The light filled building, which is intended to be both presidential and welcoming, will include elements that evoke both Texas and Washington, and will house three components: an Archive, a Museum, and a policy Institute.
Visitors will enter the building through the Freedom Hall, a large, light filled open space that will tie the different aspects of the museum experience together. On one side of the Hall, is located the Museum’s permanent exhibit, which will include a replica of the Oval Office as it was during President Bush’s tenure, complete with an outdoor Texas Rose Garden that mimics the proportion and scale of the White House Rose Garden. The Museum will tell the story of the presidency by examining key decisions and the core principles that defined President Bush’s service: freedom, opportunity, responsibility and compassion, according to the architects. On the opposite side of Freedom Hall is located a temporary exhibit space, a ceremonial courtyard and a café.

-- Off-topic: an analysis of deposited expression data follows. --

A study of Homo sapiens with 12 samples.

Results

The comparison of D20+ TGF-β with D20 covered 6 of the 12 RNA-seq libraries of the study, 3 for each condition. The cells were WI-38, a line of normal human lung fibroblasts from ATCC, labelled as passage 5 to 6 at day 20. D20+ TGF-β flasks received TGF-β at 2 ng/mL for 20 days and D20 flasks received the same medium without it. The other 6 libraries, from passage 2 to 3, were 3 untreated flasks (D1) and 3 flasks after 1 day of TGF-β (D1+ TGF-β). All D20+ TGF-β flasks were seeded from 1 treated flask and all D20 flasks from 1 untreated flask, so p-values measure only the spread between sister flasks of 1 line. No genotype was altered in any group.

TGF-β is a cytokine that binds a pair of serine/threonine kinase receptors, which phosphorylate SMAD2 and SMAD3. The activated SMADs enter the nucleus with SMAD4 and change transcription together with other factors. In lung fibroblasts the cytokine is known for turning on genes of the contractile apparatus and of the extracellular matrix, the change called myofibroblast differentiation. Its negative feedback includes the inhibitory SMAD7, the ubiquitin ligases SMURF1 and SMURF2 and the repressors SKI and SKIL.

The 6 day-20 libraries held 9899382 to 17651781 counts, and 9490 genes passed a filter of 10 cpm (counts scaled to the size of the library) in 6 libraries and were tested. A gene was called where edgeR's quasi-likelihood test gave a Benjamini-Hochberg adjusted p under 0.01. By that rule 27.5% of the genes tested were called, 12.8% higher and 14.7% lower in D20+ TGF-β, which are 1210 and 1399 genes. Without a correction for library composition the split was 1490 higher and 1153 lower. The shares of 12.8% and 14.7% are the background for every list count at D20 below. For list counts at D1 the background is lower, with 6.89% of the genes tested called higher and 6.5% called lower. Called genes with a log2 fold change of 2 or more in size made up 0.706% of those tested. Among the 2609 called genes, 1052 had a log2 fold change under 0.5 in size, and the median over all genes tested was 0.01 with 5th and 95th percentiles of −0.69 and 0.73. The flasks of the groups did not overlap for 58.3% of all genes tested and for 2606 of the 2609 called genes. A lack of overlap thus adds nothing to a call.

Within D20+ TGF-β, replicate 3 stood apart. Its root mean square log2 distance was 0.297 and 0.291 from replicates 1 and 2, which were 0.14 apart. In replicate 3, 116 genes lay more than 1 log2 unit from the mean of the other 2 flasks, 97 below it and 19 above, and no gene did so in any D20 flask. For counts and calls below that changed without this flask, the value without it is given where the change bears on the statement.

The Institute portion of the building will have its own entrance. It will include a conference center with a 364-seat auditorium with simultaneous translation and broadcast capabilities, along with numerous offices for scholars and a presidential suite for receptions and other functions. The Archive will house the official documents and artifacts of the Bush administration.
The landscape, designed by Michael Van Valkenburgh Associates, is intended as an urban park. It features seasonable displays in the wildflower meadow, large shaded trees for sitting, picnicking, and playing, numerous gardens and courtyards, tall grass prairie with seasonal wildflowers, and savannah and woodland clearings that provide a range of native habitat for butterflies, birds and other wildlife species.
The building, which is designed to achieve LEED Platinum certification, is anticipated to open in 2013.